Workbook on Digital Private Papers > Working with record creators > Accessioning digital and hybrid personal archives

Accessioning digital and hybrid personal archives

Introduction

The term 'accessioning' in the digital environment essentially denotes the activities which take place after the records survey and prior to ingest into the digital repository, i.e. 'the process of transferring the selected records and the records survey metadata (the Submission Information Package (SIP)) from the creator's computing environment to the accessions archive where the Archival Information Package (AIP) is generated; this represents phase 2 in the lifecycle of a digital archive. This process must take into account the concerns of all parties with a stake in the archive:

Paradigm developed a transfer protocol for the purposes of the project which attempts to take all these issues into account. However, it should be noted that this only represents one possible approach to the transfer process (transfer via removable media), and ultimately the process must accommodate a range of different methods which will vary according to the selected approach to collection development (see Chapter 02 Collection development), e.g. electronic transfers from the donor/depositor via a secure upload mechanism, or transfer via retired hardware and media when records have reached the end of their active life.

This section outlines the Paradigm transfer protocol and documentation, and points to practical 'how-to' guides for accessioning two commonly-encountered types of digital record. The paper-based component of hybrid archives is not covered because most collecting institutions will have well-established procedures in place for transferring traditional archives to the repository.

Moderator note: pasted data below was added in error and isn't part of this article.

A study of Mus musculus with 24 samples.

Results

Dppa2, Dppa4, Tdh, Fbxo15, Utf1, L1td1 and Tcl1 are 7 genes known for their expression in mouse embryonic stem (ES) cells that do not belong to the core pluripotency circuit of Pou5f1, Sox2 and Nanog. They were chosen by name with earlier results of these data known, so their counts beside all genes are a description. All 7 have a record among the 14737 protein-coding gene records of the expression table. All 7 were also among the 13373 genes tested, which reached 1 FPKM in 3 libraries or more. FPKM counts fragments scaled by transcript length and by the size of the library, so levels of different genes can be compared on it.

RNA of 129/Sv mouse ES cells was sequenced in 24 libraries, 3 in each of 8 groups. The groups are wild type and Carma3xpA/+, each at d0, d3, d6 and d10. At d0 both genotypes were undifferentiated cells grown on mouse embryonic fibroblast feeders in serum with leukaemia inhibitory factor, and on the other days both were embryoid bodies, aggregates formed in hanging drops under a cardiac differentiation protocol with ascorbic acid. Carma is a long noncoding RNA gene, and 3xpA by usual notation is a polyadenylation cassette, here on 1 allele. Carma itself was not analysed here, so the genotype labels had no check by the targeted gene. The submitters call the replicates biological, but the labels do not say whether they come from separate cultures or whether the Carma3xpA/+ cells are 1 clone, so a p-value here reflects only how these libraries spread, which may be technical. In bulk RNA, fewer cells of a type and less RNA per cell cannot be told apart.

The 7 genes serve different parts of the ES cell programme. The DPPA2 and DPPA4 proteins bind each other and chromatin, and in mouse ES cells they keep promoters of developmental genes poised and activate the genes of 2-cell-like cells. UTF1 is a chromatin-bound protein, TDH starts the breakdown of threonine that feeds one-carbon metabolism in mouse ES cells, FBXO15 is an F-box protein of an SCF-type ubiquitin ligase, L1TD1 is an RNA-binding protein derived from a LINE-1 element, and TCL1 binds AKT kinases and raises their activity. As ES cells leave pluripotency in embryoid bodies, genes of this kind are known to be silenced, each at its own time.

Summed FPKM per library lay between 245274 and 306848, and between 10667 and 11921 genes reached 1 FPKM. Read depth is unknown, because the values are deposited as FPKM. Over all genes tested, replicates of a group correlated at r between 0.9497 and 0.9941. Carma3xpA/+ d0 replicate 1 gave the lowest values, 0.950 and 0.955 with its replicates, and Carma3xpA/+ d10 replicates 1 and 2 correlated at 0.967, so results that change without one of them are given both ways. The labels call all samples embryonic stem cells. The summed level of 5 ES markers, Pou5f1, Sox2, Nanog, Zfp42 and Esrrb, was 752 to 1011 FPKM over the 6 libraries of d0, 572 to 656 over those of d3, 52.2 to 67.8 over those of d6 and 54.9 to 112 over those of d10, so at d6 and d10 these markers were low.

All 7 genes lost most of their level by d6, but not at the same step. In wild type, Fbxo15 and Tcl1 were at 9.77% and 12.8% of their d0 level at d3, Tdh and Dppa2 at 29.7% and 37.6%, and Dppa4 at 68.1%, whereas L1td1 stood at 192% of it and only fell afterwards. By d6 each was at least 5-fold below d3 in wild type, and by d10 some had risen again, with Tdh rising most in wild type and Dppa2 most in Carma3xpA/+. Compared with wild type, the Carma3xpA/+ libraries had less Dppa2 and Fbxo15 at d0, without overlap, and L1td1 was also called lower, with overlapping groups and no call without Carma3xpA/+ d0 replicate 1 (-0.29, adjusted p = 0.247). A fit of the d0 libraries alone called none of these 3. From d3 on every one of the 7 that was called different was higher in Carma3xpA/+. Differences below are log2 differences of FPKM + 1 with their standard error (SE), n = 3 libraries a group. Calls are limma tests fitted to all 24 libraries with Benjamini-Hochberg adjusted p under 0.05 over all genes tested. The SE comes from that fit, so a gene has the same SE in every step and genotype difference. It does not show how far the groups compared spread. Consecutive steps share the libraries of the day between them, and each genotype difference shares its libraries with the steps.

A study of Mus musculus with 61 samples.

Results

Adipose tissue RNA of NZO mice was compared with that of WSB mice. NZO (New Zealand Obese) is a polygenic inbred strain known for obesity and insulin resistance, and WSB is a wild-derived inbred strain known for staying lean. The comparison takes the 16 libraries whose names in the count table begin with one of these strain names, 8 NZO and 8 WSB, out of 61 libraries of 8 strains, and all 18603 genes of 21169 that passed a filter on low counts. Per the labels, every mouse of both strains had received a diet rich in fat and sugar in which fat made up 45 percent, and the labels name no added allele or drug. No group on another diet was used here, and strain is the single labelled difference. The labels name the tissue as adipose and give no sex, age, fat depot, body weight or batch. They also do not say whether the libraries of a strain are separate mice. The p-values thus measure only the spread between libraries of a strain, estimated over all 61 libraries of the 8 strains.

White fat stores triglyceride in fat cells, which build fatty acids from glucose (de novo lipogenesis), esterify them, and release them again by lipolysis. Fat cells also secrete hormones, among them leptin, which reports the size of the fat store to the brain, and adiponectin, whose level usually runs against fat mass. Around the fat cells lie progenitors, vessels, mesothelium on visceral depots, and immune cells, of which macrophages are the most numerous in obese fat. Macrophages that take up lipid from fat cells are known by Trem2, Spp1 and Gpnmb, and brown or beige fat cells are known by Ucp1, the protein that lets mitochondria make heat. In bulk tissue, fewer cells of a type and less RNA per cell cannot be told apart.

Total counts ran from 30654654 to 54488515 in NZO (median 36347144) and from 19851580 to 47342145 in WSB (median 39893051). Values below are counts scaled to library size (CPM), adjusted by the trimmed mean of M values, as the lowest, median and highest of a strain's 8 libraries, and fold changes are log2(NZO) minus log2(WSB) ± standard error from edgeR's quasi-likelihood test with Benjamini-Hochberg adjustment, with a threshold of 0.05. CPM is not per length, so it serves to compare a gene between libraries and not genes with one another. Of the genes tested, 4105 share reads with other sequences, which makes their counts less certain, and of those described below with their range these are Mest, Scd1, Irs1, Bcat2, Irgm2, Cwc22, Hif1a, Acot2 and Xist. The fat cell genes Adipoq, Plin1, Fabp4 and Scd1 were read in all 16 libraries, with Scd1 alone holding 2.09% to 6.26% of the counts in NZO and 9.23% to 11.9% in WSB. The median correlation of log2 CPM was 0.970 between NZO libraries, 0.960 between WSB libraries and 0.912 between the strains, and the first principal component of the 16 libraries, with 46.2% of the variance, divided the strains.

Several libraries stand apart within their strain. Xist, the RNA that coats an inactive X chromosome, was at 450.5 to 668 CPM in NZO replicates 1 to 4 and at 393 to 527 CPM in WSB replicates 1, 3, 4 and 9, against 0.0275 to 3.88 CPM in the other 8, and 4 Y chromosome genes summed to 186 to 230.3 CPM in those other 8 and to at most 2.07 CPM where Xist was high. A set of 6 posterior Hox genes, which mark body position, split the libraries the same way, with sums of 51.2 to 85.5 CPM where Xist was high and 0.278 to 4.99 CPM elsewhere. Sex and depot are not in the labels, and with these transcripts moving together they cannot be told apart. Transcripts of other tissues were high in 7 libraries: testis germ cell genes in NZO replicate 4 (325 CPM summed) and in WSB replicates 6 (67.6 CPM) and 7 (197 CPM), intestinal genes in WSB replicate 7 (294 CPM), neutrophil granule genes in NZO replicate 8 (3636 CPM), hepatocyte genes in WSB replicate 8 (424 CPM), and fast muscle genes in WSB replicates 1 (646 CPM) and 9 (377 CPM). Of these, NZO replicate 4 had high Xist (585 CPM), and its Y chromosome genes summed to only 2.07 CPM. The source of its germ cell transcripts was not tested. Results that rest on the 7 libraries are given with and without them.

Transfer protocol

The Paradigm transfer protocol was designed to balance the needs of archivists with those of record creators, and to be both effective and relatively straightforward to carry out.

The goal of the protocol is to enable authentic records to be securely transferred from the premises where they are currently accessed or stored to the premises of the Library's Digital Archive. It includes measures designed to:

The transfer protocol developed for the project is based on copying the records selected for accession to removable media.

Pre-accession assessment

The pre-accession assessment of the archive will normally include a site visit to conduct the records survey and some discussion with the depositor (or representative) via phone or email. The records survey has been developed to enable the digital archivist to gather the information required to undertake an accession which includes digital materials; it assists the archivist in:

The transfer list

A transfer list was produced (see Appendix D: Transfer list) to document the transfer process; this forms part of the audit trail for each accession and supports the authenticity of its component digital objects. A separate list can be used for each directory structure, e.g. email directory; 'my documents' folder. It allows the archivist to record:

It is useful to supplement the transfer list with printed screenshots of the system information and directory structures as a visual aid. A copy of the list is offered to the creator and a copy remains with the archivist to form part of the audit trail.

Transferring records to removable media

The first site visit and survey should have helped the archivist to determine which records are to be captured, how they will be captured and how long the transfer process will take. This should be agreed with the creator and the archivist should now be prepared to make the first accession; for this they will need:

At the premises where the records are to be copied, the archivist should follow these steps:

If the archivist is able to use a USB mass storage device, then it is possible to add a toolkit of compression, checksumming, screencapture and encryption software to this device and to run these while the device is connected to the creator's computer, rather than creating checksums and encrypting files using the archivist's laptop. Archivists should also explore digital forensics tools, which are designed for investigators to capture digital material that can subsequently be used as evidence onsite, as these have interfaces for the extraction of materials and can automatically create checksums for each file.